From McKinsey Global Institute, January 1, 2017
A recent report released by McKinsey Global Institute (MGI) - “A Future That Works: Automation, Employment and Productivity” - analyses the automation potential of the global economy, the factors that will determine the pace and extent of workplace adoption, and the economic impact associated with its potential.
MGI believe automation will give a much-needed boost to productivity, resulting in economic growth and prosperity that will help offset the declining share of the working-age population in many countries. They note, however, that people will need to continue working alongside machines to produce the desired growth in per capita GDP, and they make the assumption that people displaced by automation will find other employment.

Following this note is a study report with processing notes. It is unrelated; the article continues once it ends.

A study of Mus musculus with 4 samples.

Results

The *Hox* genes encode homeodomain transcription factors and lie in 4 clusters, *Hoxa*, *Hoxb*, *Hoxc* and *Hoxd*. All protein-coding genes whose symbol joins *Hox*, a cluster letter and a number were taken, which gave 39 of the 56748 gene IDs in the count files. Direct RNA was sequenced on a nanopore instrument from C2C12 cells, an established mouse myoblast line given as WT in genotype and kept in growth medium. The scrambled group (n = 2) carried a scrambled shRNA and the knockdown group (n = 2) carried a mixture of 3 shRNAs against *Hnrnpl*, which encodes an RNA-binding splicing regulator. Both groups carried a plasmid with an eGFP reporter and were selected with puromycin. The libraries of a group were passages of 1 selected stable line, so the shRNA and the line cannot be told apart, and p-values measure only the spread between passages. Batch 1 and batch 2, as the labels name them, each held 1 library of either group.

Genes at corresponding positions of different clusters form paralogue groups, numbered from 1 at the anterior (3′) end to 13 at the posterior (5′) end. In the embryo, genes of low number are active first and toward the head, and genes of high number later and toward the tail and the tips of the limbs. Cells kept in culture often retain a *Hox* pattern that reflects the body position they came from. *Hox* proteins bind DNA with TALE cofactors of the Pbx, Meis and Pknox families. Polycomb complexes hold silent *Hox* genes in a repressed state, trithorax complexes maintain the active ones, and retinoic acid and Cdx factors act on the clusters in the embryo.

The report includes the prediction that more occupations will change than will be automated away. MGI estimates that while less than 5% of occupations can be automated entirely, about 60% of occupations have at least 30% of activities that could be automated.
MGI report that ultimately technical, economic and social factors will determine the pace and extent of automation. Their scenarios suggest that half of today’s work activities could be automated by 2055, but this could happen up to 20 years earlier or later.
Challenges lie ahead for policy-makers. MGI believe they should embrace the opportunity and develop policies to encourage investment and market incentives to encourage progress and innovation. However, policy-makers must evolve and innovate policies that help workers and institutions adapt to the impact on employment. This will include rethinking education and training, income support and safety nets, as well as transition support for those dislocated. Individuals in the workplace will need to engage more comprehensively with machines as part of their everyday activities, and acquire new skills that will be in demand in the new age.